Not being allowed to lie down for two weeks sounds like the sort of simple but nightmarish torture inflicted on those held at Guantanamo, but in fact it's not been so bad, thanks to a comfortable chair to sleep in, even though the sleep's been on the restless side. But I have been a little surprised at the intensity of the longing; as with any prohibition, suddenly the proscribed thing seems intensely alluring, as if it's just calling to you from across the divide between the permissible and the disallowed.
On Thursday, January 20, I was allowed to lie down again, and it seemed ridiculously luxurious. I took two naps that day; i paid attention to how it felt to lower my body onto the bed, turned to my left side (lying on my back is still verboten, as it would contribute to cataract formation. I watched myself drifting into sleep, that feeling of descending further. Just now I don't think I can get enough of that.
Also on January 20, and an equal pleasure: I'm allowed out once a day, for one errand. I left the apartment at seven on Thursday morning. It had snowed in the night, and was still snowing, but by the time I walked around the block and stopped to talk to Sam's 'father' - Sam is a gorgeous Weimarner pup, and I regret I don't know his human companion's name -- the sky was clearing, and sun beginning to break out across the white sidewalk and the white cars. One eye enough to be dazzled.
I am not yet, however, allowed to read, and that seems, if it goes on much longer, far more dire than the other prohibitions.
January 22: Wally died today seventeen years ago. How can that be, seventeen years? I have a terrible time remembering dates and numbers of any sort; I need a visual or sonic mnemonic to make them stick. For the date of Wally's departure, it's two swans with their necks bent.
Sweet generosities: the kindness of Susan, Angelo, Zach, Adam, Jaime, Guy, John, Alex, Algis, Koshin, Chodo, Paul M, Carolyn, Alison, Terry, and more Facebook well-wishers than I could shake the proverbial stick at. (That's one of my parents' southern regionalisms, as far as know, and where on earth did it come from? "More than you could shake a stick at" was used to describe any uncountable number. Why would you be shaking a stick at things?)
And of course Paul, walking Ned many times a day, shopping, getting the mail, reading Jane Eyre aloud, and only very occasionaly looking like I am driving him crazy. In my own estimation I am a calm and grateful invalid, as far as the species go, but you'd have to ask him.
For two weeks I wore, at home, my perforated metal eye patch with its blue plastic rim, held onto my face with an x of white adhesive tape. Then, when I'd set it on the coffee table while I put in eye drops, Ned got ahold of it and made short work of the thing. Paul was appalled, while I was relieved; I didn't like that thing one bit, and it gave me an excuse to wear instead the classic black piratical kind I got at the drugstore. Well, almost classic: it has a stiff armature that holds it away from the eye in a flattened cone, rather like one of those bustier cups Jean Paul Gaultier made for Madonna, but not quite so pointy. Two different men have asked me if I really need it or it's just a look; they both thought it was hot. Chodo took a careful look at it and said, You like that, don't you? And I do.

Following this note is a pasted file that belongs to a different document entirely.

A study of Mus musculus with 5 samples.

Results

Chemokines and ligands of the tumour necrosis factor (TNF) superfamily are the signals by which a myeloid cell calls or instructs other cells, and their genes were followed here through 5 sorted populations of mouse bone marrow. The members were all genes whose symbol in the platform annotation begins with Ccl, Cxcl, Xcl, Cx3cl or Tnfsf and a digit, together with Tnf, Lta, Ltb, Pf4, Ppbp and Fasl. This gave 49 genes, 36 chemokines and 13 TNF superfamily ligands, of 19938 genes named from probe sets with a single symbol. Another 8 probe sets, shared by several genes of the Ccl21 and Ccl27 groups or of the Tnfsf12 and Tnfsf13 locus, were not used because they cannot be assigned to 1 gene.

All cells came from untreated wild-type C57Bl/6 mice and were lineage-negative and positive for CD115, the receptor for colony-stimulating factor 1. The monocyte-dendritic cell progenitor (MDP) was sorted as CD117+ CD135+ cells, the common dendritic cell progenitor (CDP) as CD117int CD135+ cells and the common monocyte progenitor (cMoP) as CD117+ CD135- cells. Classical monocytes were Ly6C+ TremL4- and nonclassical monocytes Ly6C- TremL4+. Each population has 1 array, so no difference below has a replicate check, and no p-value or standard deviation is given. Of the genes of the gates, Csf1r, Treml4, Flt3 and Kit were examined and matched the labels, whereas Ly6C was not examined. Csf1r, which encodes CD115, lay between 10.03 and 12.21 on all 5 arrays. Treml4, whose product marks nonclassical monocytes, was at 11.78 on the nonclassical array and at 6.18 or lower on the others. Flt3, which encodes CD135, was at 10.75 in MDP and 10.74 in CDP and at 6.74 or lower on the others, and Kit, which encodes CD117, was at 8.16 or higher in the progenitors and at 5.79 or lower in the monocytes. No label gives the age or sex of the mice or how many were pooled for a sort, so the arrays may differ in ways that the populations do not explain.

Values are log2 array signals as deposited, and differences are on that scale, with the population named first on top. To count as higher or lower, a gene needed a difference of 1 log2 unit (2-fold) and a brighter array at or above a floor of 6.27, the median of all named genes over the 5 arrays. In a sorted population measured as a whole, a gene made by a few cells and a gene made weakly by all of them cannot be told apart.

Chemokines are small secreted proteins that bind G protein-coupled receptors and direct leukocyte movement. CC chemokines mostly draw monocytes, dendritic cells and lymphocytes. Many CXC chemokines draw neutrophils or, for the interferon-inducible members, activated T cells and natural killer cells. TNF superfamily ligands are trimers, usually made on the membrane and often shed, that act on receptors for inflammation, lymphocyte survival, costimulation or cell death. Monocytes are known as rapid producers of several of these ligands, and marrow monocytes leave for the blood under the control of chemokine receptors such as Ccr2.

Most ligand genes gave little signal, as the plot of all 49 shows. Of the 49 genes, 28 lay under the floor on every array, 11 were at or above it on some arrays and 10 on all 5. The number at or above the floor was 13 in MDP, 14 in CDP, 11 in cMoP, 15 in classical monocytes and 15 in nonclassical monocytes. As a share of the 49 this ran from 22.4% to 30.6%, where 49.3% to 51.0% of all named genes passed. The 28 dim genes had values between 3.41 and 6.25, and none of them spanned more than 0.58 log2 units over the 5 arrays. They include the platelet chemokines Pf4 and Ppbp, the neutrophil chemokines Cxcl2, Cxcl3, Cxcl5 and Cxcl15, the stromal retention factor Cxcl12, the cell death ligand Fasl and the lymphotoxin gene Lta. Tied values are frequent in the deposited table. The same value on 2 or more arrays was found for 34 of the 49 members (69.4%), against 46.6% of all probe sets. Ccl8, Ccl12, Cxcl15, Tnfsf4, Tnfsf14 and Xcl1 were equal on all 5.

So here's the prognosis. On Thursday I go back to the hospital so Dr Reddy can see how I'm healing, Late in February, the grayish bubble of gas in my eye will have been absorbed into my system, and he'll be able to see what kind of shape my retina is in. Maybe a second surgery, maybe not. Vision will be compromised to some degree by the scars on my retina, but I don't know how much. In early summer, I'll have surgery to remove the cataract caused by my treatment. Cataract surgery is remarkable: the clouded lens of my right eye will be dissolve by a laser, and then a tiny plastic lens will be inserted, unfolded, and slipped into place. It will be a prescription lens, of course, and thus to some degree will compensate for my loss of vision. And maybe, who can say, that will be the end of the saga of the eye. Though Dr. Reddy says we are going to be togther for a long time, and I don't want to press too much to learn what he means by that. Enough for the future to unfold, as it does, enough for the eye to open onto the sun on the snowy sidewalk. Or this morning, the marvel of going to the GLBT Center on 13th Street, and walking down the curving stair, holding onto the handrail while the distorted but nonetheless apprehensible stairs flow downward beneath me. Provisionally functional man descending a staircase.